The last time I smiled this much during a romantic comedy was the first time I saw To All the Boys I’ve Loved Before, and I think I still maybe smiled and blushed more during my first viewing of the 2006 winter rom-com classic The Holiday.
I’ve always heard other people speaking highly of The Holiday, but I think I always overlooked it because most Christmas rom-coms tend to be the same, even though I love them. Sometimes I just don’t get around to all of them, and to that I would like to apologize because this movie is simply a delight that I spent the past 14 years missing. Who knew Jack Black could make me come around and see him for the king of romance that he is? In a movie that is over 2 hours, no less. But I never wanted it to end.
What really shines in this story is the bonding between Iris (Kate Winslet) and Miles (Jack Black) who learn how to value themselves and their time enough to throw people out of their lives who are not serving them. Both characters struggle with letting go of relationships where the other person is leading them on, leaving Iris and Miles hanging on to any small bit of hope from their respective lovers who refuse to commit to them. Whilst Iris is living in LA, she learns to articulate the toxic patterns she has been following and encourages Miles to do the same. Though they flirt with one another along the way and end the film on a first date in England, the strength in their narrative arc comes from their personal growth that happens to culminate in a budding romance.
I think we also need to acknowledge some of the most romantic moments in cinema history, all attributed to Jack Black, the romance underdog of the century. If you know any movie lover, you know that bonding over film, let alone in a Blockbuster, is the setup for a racing heart and some butterflies in the tummy. I don’t remember how Kate and Jack get to the Blockbuster, but I’m glad they do, because what could be more fun than wandering around and looking at DVDs! Miles follows this up by playing the piano for Iris (he is a film composer) and writing a melody for her on the spot. He says something along the lines of “this is you if you were a melody, I used all the good notes.” That’s romance right there, folks.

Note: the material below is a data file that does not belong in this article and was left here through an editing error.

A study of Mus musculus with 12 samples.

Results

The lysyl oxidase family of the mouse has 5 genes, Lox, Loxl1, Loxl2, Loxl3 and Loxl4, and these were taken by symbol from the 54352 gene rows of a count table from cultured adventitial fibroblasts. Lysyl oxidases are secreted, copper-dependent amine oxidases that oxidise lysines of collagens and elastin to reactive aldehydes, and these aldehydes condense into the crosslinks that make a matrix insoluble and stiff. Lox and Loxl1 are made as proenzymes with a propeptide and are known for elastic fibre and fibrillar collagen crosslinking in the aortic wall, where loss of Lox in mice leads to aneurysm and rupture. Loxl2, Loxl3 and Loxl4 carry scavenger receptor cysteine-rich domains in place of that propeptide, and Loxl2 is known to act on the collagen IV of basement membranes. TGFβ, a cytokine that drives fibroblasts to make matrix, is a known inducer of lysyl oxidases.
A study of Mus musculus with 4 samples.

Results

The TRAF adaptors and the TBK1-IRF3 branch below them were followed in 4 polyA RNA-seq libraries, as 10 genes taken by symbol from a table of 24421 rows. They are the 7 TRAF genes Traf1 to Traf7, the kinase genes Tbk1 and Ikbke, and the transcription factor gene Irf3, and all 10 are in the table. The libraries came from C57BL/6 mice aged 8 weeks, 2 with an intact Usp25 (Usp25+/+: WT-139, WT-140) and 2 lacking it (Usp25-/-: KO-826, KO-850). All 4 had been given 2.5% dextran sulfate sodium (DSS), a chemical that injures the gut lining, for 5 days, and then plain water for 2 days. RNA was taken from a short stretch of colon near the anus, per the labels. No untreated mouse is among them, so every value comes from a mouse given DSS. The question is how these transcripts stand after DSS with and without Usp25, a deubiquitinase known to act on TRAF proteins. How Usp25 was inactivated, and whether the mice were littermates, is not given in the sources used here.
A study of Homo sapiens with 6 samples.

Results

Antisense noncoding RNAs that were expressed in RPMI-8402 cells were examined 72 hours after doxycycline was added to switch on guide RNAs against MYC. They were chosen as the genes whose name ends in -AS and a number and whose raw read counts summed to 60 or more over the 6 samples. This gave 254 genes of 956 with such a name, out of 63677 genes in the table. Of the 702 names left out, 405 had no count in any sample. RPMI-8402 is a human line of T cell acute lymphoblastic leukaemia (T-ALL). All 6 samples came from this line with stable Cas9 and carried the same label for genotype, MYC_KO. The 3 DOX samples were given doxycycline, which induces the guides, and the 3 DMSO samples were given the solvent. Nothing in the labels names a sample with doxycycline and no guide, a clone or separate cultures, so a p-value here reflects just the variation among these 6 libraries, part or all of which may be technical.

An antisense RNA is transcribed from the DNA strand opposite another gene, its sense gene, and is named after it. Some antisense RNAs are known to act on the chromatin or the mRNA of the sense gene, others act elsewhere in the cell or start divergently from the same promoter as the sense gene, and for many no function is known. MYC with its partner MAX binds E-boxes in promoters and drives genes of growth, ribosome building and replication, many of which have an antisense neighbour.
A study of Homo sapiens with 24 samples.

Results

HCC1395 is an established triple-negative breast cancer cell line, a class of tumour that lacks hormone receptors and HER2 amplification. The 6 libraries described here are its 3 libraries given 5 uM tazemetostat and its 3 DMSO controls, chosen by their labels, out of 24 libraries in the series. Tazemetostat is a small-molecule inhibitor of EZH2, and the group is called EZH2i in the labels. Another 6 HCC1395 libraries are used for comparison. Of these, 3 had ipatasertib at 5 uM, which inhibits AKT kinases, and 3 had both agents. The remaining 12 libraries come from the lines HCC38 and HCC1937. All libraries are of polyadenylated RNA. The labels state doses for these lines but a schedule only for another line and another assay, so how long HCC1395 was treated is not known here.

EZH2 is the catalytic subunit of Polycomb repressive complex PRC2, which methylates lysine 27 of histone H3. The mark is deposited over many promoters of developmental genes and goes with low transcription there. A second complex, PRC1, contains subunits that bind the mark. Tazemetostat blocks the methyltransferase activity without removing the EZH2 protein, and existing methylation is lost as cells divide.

Now, while I find the romance of Amanda (Cameron Diaz) and Graham (Jude Law) to be much less interesting, the way Cameron kicks off the movie is absolutely unhinged and Oscar-worthy. Never have I been so overjoyed to see a woman throw a useless man out of her gigantic house. Now, I don’t believe in capitalism, but I do think Amanda deserves to live in luxury after how her ex treated her, so I will let it slide this one time.
The cherry on top of this glorious three-act structure are Graham’s young girls, who are probably around 6 years old, with their adorable British accents and their bedroom fort. How could anyone resist two small children inviting their dad’s new girlfriend into their blanket fort to be their friend, all while they compliment her the entire night and try to convince her to stay over. They know what’s going on, and they only want the best for their incredibly hot dad, right? I’m a huge sucker for kids in rom coms, and these absolute angels delivered the wholesome content I wanted.
If you have not gotten your butt in a chair to revel in The Holiday, I need you to do that as soon as possible, and then tell me all about it. There’s a contact form on my website www.taylorhunsberger.com, and it is now open to all of your thoughts on this masterpiece of humor, romance, friendship, and how the pure love of cinema can bring Rose from Titanic and Nacho Libre together as one.